Church throws Super Bowl party

February 01, 2009|By JENNIFER FITCH

GREENCASTLE, Pa. -- Toni Birkhimer wants to ensure the foreign exchange student living with her is "brought up right."

And in her house, that means being a Pittsburgh Steelers fan.

"I was brainwashed by my host family," Jenny Choi said with a laugh on Sunday.

Choi, 19, wore a Steelers jersey and earrings when she sat on a black-and-gold blanket in front of a 60-inch television. She joined her host family at the first Super Bowl party thrown at First Assembly of God Church on Leitersburg Street.

"This was intended to be an outreach to the community. ... We just want to build relationships; that's all Jesus ever wanted," the Rev. Dan Barnes said.

The church provided Buffalo wings and rented two televisions. Young children stayed in the nursery, and crafts, games and a football-shaped piñata were available to the older ones.


"I just brought in stuff to keep the kids entertained. Some of them are into football, but some aren't," said Maureen Nauman of Waynesboro, Pa.

She helped children adhere glitter letters onto Valentine's Day cards.

"I wanted them to know it's not just something for the grown-ups, but it's fun for them, too," Nauman said.

Three dozen adult attendees unofficially divided themselves by team in front of the televisions.

Jeff Barnes, usually a Washington Redskins fan, placed himself in the Arizona Cardinals camp because he wanted to root for the team that hadn't been to a Super Bowl before. The Greencastle resident felt slightly out of place among Steelers fans in recent weeks.

"I'm a minority in this state," he said.

Ryan Painter, 11, of Waynesboro, felt it was important to scream and wave his Terrible Towel for the Steelers.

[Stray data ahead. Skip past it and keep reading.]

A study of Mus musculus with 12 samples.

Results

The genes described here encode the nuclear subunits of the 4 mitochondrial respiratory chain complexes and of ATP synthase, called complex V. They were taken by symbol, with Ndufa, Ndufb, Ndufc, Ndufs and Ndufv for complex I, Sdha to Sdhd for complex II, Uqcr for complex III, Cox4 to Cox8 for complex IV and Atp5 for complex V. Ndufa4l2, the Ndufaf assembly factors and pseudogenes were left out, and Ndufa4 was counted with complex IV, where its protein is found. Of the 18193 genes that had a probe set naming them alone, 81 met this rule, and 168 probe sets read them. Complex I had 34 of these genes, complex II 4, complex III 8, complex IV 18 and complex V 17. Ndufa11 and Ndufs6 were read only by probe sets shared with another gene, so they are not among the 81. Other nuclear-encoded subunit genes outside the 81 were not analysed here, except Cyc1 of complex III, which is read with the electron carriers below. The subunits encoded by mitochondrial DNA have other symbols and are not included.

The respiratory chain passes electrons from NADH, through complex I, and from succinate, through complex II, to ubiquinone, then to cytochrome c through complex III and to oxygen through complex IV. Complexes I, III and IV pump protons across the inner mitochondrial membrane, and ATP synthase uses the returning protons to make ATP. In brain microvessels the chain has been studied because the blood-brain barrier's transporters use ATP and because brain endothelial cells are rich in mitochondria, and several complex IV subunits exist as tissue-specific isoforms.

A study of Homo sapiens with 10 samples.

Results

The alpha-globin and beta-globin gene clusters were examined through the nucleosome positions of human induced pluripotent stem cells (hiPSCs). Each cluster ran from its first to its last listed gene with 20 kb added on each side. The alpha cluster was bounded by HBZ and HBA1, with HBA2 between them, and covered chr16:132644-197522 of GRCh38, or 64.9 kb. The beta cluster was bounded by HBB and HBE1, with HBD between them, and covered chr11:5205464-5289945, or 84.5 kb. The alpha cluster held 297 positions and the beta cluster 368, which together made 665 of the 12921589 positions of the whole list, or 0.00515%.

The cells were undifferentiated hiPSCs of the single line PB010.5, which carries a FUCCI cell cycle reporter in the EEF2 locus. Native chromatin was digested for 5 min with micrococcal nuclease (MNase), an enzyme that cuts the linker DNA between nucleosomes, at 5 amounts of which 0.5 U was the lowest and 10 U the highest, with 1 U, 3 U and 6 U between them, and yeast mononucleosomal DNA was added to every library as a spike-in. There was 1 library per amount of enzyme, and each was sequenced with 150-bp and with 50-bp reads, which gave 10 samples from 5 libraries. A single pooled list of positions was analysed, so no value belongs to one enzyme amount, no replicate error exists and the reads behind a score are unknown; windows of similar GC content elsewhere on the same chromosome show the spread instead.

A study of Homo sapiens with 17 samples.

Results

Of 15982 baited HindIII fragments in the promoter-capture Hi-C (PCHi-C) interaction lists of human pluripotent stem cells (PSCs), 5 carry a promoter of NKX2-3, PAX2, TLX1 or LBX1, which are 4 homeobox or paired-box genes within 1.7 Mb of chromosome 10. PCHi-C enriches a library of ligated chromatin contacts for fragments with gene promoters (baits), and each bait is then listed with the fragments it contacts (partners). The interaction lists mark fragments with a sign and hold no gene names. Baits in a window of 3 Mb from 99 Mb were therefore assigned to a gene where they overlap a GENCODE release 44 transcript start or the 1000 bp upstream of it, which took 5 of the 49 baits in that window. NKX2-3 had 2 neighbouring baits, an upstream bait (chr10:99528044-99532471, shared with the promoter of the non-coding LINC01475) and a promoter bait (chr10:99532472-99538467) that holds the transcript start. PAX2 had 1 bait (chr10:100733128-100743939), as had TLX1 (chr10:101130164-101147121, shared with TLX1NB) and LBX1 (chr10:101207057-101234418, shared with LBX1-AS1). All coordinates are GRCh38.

"My parents are from Pittsburgh, so it's an inherited trait, I guess," he said.

His 8-year-old sister, Megan, wore a handed-down jersey with the name and number of Steelers safety Troy Polamalu.

"It's cool to see when they do certain plays," she said.

Birkhimer developed her love of the Steelers while living in -- of all places -- Arizona.

"My whole family was rooting for the Dallas Cowboys in the '76 Super Bowl. I felt sorry for the Steelers," said Birkhimer, whose underdog team ended up winning that championship.

The Marion, Pa., resident was glad to watch Super Bowl XLIII among friends from church in an atmosphere of what she called "nice, clean fun."

Birkhimer and Choi had their faces painted with the Steelers' colors and logo.

"We don't have any football actually in Korea," said Choi, who also lived in China.

As far as the fanaticism, the closest comparison Choi could make was to soccer in her home country. She recalled a 2002 World Cup game.

"All the people were outside, and we had a big screen on the building," she said.

Choi said she enjoyed rooting for the Steelers with her host family and her church family.

"I think it's so much fun. You feel like you're part of the team," she said.